Three months after The Times ran a brief news obituary on a former Soviet spy who worked undercover with her husband in L.A. in the 1930s and '40s, we learn more about the stories of Yelizaveta and Mikhail Mukasey, otherwise known as Elza and Zefir.

Megan K. Stack, The Times' Moscow bureau chief, spins a yarn about how modern-day Russians are learning the fascinating details of the lives of these and other Soviet spies now that authorities are releasing more information about their work. She centers her story on Anatoly Mukasey, the son of the L.A. couple.

"I don't know much about their work, and most likely I will never know," Anatoly Mukasey said, sipping tea in a crammed Starbucks near his Moscow flat. He paused. "I don't think I'd like to know all of it."

During the long years of their parents' undercover operation after they left Los Angeles in 1943, he and his sister Ella grew up without them in Moscow. They were told nothing of their parents' whereabouts, only that they were abroad, and very busy. Meanwhile, the children lived under the care and tutelage of the Soviet system.


Like good Soviet children, he and his sister sensed that it was better not to ask too many questions.

"We began to understand because we received typewritten letters from Mom and Dad, and every year or three, a parcel would arrive in which our parents would send us some gifts," Mukasey said. "And we understood that these were foreign things, and that they can't write a letter in their own hand, and that this is part of the work. The work is dangerous."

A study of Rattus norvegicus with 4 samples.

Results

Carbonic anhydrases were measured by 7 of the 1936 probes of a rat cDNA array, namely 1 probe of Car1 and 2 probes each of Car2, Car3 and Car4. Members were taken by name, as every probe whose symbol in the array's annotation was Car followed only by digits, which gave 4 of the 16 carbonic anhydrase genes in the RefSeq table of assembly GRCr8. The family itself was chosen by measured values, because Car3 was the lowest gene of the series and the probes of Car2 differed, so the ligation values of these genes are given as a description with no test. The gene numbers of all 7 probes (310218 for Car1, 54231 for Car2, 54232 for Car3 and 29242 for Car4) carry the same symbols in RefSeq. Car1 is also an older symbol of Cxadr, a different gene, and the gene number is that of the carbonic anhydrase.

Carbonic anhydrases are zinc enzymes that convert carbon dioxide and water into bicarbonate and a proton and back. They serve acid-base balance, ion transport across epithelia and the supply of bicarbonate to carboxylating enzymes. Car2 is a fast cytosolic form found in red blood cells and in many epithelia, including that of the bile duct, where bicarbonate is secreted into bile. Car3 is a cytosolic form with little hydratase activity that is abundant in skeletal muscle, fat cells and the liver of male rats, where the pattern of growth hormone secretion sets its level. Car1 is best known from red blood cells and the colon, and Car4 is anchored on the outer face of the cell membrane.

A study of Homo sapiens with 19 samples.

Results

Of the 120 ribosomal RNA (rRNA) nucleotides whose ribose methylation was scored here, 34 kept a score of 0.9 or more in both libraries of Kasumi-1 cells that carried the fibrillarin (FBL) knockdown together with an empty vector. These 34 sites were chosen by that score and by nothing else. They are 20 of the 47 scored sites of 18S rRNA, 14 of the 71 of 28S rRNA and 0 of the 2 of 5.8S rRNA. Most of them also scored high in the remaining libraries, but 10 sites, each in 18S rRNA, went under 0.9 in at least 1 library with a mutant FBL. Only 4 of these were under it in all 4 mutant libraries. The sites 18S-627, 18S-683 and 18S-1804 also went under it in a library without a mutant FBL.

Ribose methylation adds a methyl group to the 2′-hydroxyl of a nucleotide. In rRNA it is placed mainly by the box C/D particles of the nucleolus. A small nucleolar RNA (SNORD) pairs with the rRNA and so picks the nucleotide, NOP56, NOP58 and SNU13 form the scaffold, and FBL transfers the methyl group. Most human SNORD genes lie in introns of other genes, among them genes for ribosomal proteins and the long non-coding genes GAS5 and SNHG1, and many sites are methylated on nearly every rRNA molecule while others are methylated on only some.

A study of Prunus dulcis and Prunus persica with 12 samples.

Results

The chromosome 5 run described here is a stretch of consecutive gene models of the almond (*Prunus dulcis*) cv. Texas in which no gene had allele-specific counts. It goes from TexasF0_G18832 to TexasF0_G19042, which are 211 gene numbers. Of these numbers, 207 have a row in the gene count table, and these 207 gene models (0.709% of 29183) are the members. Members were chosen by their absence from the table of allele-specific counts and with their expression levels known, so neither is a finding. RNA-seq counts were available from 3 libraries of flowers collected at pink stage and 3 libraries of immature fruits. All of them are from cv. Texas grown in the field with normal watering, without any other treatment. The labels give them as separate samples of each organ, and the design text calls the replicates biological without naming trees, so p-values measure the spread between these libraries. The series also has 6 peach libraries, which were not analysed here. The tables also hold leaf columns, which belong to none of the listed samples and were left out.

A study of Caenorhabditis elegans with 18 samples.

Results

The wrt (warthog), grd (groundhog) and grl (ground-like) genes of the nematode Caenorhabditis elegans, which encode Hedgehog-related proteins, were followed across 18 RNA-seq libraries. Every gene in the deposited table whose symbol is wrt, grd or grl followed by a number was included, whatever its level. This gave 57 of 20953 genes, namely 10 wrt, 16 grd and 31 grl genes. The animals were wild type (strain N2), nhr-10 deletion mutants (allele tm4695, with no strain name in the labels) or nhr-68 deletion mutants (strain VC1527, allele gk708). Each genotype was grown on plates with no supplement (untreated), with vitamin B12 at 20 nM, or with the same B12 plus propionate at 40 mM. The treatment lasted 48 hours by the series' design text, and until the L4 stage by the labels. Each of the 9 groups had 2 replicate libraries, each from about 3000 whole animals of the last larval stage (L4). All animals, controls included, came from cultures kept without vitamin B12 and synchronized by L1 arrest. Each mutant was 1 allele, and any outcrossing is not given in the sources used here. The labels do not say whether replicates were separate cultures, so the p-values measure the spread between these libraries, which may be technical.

It's a marvelous story worth reading to the end. And in case you are wondering, the different spellings can be attributed to different transliterations from Russian to English. I'm told by our excellent copy editing staff that the spellings in Stack's story are The Times' preferred usages.

Also, you can see more photos here.

-- Claire Noland

Photo: Mikhail and Yelizaveta Mukasey with their children Ella and Anatoly in front of their home in Los Angeles in the early 1940s. Credit: Mukasey's family archive.



Let's being our hands together for Claire digging this out thanks to her latest chums in the old 'rodina'.

Fits in with Putin resurrecting the homage to that monster Stalin.

I sooooo want the sequel when? Hmmm how about how Yeli and Miki helped defenestrate Jan Masayrk when they were acting station chiefs in 1948? I know the spirit of 'Che' is so proud seeing all those bourgeois Czechs embracing that original sky master Vladimir Ilych - yeah!!!

Great a warm and fuzzy and equally disgusting review of a story about two foreign spies employed by one of the biggest mass-murderers of the 20th Century, whose job it was to do nothing less than bring down Western Liberty.

I bet that these two "hard-working" foreigners had some radical "right-wing redneck" neighbors who thought that they were spies, but probably the more enlightened neighbors called the rednecks "xenophobes","racists", or "conspiracy nuts". Go figure!


Sorry, I misquoted.


It's comforting to know that these two commies are dead and in hell where they belong!!!!

Well, this is a no-story at best. It really says nothing more than the pair's kids were educated in the Soviet Union as a safeguard against growing up in a democratic US. The Times knows perfetly well that a dig into the archives via the FOIA will yield some really hot, informative - if not plain sillly or scary Societ activities here before the war, during the war, after the war, and even this morning.